Tuesday, April 24, 2012

The Chicken Life Ain't Easy

Buff Orpington and baby chicks
Sometimes I'm not so sure I'm cut out for the life of a chicken owner.

My goal in all of this was to have a sustainable flock; raise a breed that would raise its own chicks and we could take some of those chicks and sell them, keep them for laying hens, or ideally raise them up to put in the freezer.

In theory this works very well, and it is what humans have done for thousands of years. In my own  backyard it seems to be a different story.

I was ecstatic to see one of my Dorking hens sitting on eggs a month ago. She stayed in the nest box all day and didn't come out, I knew this meant she was broody and would sit on those eggs until they hatched. After the hatch she would then, in theory, raise the babies with no help what so ever from me.

I was even more excited when a week later my Buff Orpington went broody. I carefully tucked the eggs I wanted to hatch under each hen and tried to leave them alone the best I could to do their mama hen thing.

Chicken eggs take exactly 21 days to hatch, on the 19th day I thought it would be best to move my mama Dorking into a safer, more ground level coop to hatch and raise her young. I carried out this operation late one night assuming she would be less likely to freak out since they cannot see well in the dark. I put a hand towel over her head, carefully handed her to my husband, and slid out her entire nest from the nest box. I quickly and carefully arranged her nest in the other coop and my husband gently set her on the nest. She freaked out. She ran around the coop and ended up perched in the corner of the coop completely away from her eggs. I rushed around and got a light ready for the coop thinking she simply couldn't see her nest and was confused. The light helped; she came down from the perch, ate some food and then sat on her eggs. The mission was a success. I checked again in the morning before I went to work and she was still on the nest keeping her eggs warm. After work I ran out to check on her one more time and of course, she was perched in the corner of the coop, her eggs were cold and she seemed to want nothing to do with them. As a last resort I moved her nest back to the original nest box she was sitting in and she went to them immediately. I was relieved, but it was short lived. She gave up on the eggs by the next morning and the entire batch of 12 eggs she sat on for 19 straight days was ruined. I felt terrible.

I kept my hope with hen #2. I did not move her, I did not touch her, I stayed as far away as possible and let her do her thing. I learned my lesson with the first hen. I was surprised when I saw a baby chick at the 17 day mark. And another arrived on day 18. By day 20 I saw 4 baby chicks. I set up a little ramp with some food and water at the bottom and closed the coop area off so the other hens or rooster would not bother them.

First 2 baby chicks to hatch, still in the coop with their mama

On day 21 I rushed to the coop after work to see if she brought her babies down the ramp and I could finally get a good peak at their fuzzy little baby buns. Peering through the dusty window into the dark coop I could see and hear that she had brought them out of the nest box. I opened the drop down side to see how many eggs actually hatched; there were only 2 eggs remaining out of the 10 she was sitting on, but there was also one dead chick left in there. I assumed it had died of natural causes or maybe was suffocated and I was not too worried. Upon opening the big door to get a look at the chicks I saw another dead one on the floor and realized something was wrong. All the baby chicks were running around the coop and the mama was frantically chasing one around. And then it happened; before I realized what she was even doing she killed a third baby chick right in front of me. Flashes of my childhood overcame me and I saw the classroom pet rat eat her own baby rat with no warning signs at all and the blood splattered on the aquarium was permanently engraved in my mind.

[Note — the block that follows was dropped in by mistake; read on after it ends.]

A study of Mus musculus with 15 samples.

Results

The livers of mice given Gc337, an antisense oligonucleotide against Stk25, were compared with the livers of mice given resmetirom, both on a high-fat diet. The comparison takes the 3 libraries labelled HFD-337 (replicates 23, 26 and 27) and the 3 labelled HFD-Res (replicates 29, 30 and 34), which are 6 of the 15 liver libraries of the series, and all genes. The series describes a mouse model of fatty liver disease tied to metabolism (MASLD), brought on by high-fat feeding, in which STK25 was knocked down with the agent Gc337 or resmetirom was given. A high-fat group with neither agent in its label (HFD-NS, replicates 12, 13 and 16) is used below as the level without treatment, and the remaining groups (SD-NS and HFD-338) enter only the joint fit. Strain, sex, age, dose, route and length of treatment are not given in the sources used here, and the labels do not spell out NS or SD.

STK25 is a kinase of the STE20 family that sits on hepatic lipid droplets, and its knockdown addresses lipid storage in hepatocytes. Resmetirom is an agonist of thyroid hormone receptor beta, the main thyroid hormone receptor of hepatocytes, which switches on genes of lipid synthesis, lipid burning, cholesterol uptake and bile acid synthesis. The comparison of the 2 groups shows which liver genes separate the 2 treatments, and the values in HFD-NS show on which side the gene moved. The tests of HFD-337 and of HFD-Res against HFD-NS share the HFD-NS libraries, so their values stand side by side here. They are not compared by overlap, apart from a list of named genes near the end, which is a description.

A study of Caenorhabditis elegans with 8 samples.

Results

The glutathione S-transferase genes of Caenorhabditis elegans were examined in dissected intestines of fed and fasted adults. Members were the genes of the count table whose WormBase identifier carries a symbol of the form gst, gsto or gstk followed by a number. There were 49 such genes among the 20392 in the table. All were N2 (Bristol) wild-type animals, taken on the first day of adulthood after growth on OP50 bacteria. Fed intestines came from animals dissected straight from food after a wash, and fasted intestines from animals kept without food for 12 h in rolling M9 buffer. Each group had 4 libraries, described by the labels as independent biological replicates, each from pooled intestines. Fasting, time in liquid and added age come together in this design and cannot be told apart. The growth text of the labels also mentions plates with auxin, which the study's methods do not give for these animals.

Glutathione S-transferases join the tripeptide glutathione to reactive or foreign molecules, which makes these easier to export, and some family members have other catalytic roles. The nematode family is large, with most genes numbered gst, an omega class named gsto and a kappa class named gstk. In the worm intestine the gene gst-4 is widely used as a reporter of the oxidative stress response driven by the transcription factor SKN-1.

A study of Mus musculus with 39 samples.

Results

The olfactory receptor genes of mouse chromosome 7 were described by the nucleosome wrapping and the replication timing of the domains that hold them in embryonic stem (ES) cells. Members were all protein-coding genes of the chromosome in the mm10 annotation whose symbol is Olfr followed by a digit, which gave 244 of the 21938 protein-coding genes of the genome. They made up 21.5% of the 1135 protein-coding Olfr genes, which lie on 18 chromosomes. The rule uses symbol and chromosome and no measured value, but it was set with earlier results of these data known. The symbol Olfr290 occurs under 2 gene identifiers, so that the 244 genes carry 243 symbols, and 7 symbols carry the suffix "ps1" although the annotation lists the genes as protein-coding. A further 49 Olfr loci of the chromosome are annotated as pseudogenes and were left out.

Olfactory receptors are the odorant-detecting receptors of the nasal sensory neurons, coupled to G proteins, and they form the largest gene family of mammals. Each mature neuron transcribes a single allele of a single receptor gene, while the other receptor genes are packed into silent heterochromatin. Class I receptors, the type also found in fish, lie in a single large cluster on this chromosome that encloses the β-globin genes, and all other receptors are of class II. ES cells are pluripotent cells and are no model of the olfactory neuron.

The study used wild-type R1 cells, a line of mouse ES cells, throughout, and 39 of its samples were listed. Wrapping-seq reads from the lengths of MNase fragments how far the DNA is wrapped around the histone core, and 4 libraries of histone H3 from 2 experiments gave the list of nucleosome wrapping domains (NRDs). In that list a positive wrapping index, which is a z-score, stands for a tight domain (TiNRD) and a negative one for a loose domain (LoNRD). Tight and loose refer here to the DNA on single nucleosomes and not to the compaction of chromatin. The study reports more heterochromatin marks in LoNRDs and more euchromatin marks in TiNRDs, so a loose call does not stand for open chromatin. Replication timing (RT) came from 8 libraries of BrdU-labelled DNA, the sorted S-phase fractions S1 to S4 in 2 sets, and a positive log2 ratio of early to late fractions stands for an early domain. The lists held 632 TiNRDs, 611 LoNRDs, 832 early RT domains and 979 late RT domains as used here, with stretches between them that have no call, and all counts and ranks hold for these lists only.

I ran for my husband, together we got the mama out of the coop and collected the babies. I had to set up an emergency chick cage in the garage and set them up a little home with a heat light. The poor things chirped and chirped looking for their mama and the mama wandered around the yard obviously lost and disoriented. The whole situation broke my heart. We had to bury 2 unhatched eggs and 3 dead baby chicks.

I'm grateful to have 5 great looking baby chicks safe in their new garage home and I'm trying not to worry about the future if another mama hen goes broody. I haven't decided if it takes a certain kind of person to live this life, or if you become that person after the experiences you go through.

Baby chicks huddling to keep warm

Are you my mother?


Elizabeth said...

Aww, pretty babies! Do you know what kind they are yet? Nothing ever goes "as planned". I have a sick hen right now and feel completely helpless that I may have to watch it die after raising it for the past year, but so is farm life, right??

James Grayston said...

I am writing to let you know that I have just created my own very detailed guide on broody hens which you can read here.


It is over 6000 words long and answers 61 of the most commonly asked questions about broody hens. It covers topics such as;
* how long a hen stays broody for
*the best and worst breeds for broodiness
* how to gently break a broody hen
*what to do when things go wrong
*whether to separate broody hens
*and much more.

I have split it into different sections and tried to make it as readable as possible.